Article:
Inside Scientology: The Story of America's Most Secretive Religion
“A masterful piece of reporting . . . Reitman tells a spellbinding story of a larger-than-life personality whose quirks, ticks and charisma shaped America’s newest homegrown religious movement.” — Washington Post
Scientology is known for its celebrity believers and its team of “volunteer ministers” at disaster sites such as the World Trade Center; its notably aggressive response to criticism or its attacks on psychiatry; its requirement that believers pay as much as hundreds of thousands of dollars to reach the highest levels of salvation. But for all its notoriety, Scientology has remained America’s least understood new religion, even as it has been one of its most successful.
Now Janet Reitman tells its riveting full story in the first objective modern history of Scientology, at last revealing the astonishing truth about life within the controversial religion for its members and ex-members. Based on five years of research, confidential documents, and extensive interviews with current and former Scientologists, this is an utterly compelling work of nonfiction and the defining work on an elusive faith.
“A meticulously researched history and revealing exposť, a frightening portrait of a religion that many find not just controversial, but dangerous.” — Boston Globe
“This book is fearless.” — Wall Street Journal
A New York Times Notable Book
Amazon.com Best Books of 2011, Nonfiction
San Francisco Chronicle Top Ten of 2011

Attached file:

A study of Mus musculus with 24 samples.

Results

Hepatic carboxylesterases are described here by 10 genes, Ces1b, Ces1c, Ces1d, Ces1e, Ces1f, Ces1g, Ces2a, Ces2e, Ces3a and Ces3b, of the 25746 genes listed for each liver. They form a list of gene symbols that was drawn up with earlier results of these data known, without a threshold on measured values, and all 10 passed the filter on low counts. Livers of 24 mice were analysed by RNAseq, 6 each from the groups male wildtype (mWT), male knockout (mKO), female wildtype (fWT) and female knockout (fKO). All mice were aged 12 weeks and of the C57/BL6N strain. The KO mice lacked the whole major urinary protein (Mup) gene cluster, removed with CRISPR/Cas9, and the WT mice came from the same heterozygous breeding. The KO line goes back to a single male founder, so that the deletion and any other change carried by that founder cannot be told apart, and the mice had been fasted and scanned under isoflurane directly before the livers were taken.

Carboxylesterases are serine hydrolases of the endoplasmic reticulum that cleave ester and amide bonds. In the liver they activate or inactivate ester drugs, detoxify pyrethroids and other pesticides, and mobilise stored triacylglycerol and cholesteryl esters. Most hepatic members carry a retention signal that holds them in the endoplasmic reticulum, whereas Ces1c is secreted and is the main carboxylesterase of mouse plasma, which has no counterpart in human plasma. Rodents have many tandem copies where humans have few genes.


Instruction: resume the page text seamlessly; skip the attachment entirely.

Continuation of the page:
Q. What did you think of the book? A. I think Janet did an excellent job. I fear for her, since Scientologists may do her like they did another journalist, Paulette Cooper. Q. What did they do to Paulette Cooper? A. She had written a negative book on Scientology and as retribution, Scientologists literally drove her to a nervous breakdown. I hope Janet has back-up, and I should be pretty sure she does. Q. Does she paint a negative picture of Scientology in this book? A. Mostly, but she is fair. She interviewed young people who have grown up as second or third generation Scientologists and appear to have benefited from the philosophy of L. Ron Hubbard. Q. What is that philosophy? A. Well, Janet put it the way I see it also. She said Scientology is fundamentally a narcissistic philosophy that demonizes doubt and insecurity as products of a reactive mind. Narcissism scares me, because narcissistic people are basically out for themselves, regardless of others. That is how Hubbard is depicted in this book. But Janet did note some of his products, such as Narcanon, his learning philosophy, and his management philosophy, seem to have wafted in a positive way through parts of society. His study technology seems useful, especially looking up words in the dictionary. That could be real useful. Q. So you are scared of Scientologists? A. Well, not the individuals, since I cannot actually say I know any, but the idea of stepping on others to reach your own goals, that turns me off. Hubbard seemed to espouse that philosophy. What is odd about Hubbard is that, although he believed in reincarnation, he never touched on the idea of karma, having to pay back debts you incurred for hurting or using others. Without the idea of karma, reincarnation does just become a narcissistic venture. That is where the thetans of Hubbard differ from, say, the astral bodies of mystics. Q. Who promotes the idea of paying back karmic debts through reincarnation? A. Oh many, many philosophies and religions, but of course Hinduism may have started such thought. I recently read a book about Macro Philosophy by Don Pym that promotes the philosophy. Hubbard seemed to believe in reincarnation but if he had believed in paying back for those he harmed he would have lived his life differently. Maybe he will come back and make amends. He has to come back and make amends and maybe he is already with us somewhere in the world in another body.